By Ellen MacPherson
Washington State’s current budget crisis forces the state to take a hard look at how it spends money. As a publically funded school, UW suffered a 26% cut to its 2009-2010 budget with the potential for further cuts resulting from the current legislative session. Consequences of the budget cuts on UW include the elimination of administrative positions, cuts to financial aid, and a pay freeze for UW employees including UW President Mark Emmert. As with any business, UW must scrutinize every expense in order to minimize the impact to programs and one expense that always comes under fire is that of executive compensation. President Emmert is the second highest paid public university president whose total benefits package is $906,500.00 (including salary and fringe benefits). So what does UW get for nearly a million dollars a year?
President Emmert is a Washington native and a UW alumni who became UW president in 2004 and has tenaciously driven a number of significant achievements for the university. Thus far, President Emmert has seen the initiation of the Husky Promise, helped to secure more than $1 billion in grants and contracts for sponsored research in a single year, and led to the creation of the Department of Global Health in conjunction with the UW School of Medicine and School of Public Health. Fundraising is a crucial element of President Emmert’s job and in his tenure at UW he has overseen over $2.5 billion dollars raised. Included was a gift in 2007 from the Foster Family Foundation that established the Seattle campus’ Michael G. Foster School of Business, ranked 26th in the nation by U.S News & World Report. Oddly enough, Foster School of Business shares the 26th position with Ohio State University whose president, Gordon Gee, is the public university president with the highest salary.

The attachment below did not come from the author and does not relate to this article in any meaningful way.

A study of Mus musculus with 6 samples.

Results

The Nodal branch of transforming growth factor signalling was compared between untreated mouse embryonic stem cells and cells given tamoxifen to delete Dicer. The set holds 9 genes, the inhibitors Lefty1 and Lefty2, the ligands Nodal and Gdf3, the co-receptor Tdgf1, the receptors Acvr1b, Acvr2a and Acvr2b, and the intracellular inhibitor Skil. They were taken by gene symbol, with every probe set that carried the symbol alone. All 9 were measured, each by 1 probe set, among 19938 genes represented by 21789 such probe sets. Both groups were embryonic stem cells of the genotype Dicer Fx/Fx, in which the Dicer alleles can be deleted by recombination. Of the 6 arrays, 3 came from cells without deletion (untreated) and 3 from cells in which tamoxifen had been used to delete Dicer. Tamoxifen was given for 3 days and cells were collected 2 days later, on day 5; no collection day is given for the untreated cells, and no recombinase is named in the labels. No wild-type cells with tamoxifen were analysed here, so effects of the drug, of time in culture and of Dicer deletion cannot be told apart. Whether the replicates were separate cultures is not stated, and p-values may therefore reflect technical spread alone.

As a basis for comparison however, Ohio State University is a good place to start. UW has long been distinguished as a “public ivy.” That is, UW provides an “ivy league experience at a public school price.” In contrast with some private schools, President Emmert’s salary might look like a bargin. Columbia University President Lee C. Bollinger earns over $1.4 millon in compensation while faculty in prominent public roles pull in exorbitant salaries. Columbia’s renowned professor of medicine Dr. Jeffrey W. Moses earns over $2.5 million a year while Pete Carroll, formerly the head football coach at USC, drew more than $4.4 million in 2007. President Emmert had the opportunity to surpass Columbia’s Bollinger in 2008 when he was approached by Vanderbilt University. In order to fill their vacant chancellor’s seat Vanderbilt offered Emmert a $1.8 million compensation package but Emmert declined in order to continue his work with UW.
The budget pinch in Washington State will no doubt affect all its residents. UW students, staff, and faculty feel this pressure acutely as programs get squeezed and financial aid runs dry. President Emmert’s crucial role as our voice to the community has enable the college to expand its reach in exciting ways. Although it may be easy to criticize such a high salary in these difficult times, it is essential to understand how much value the university receives from its dedicated president.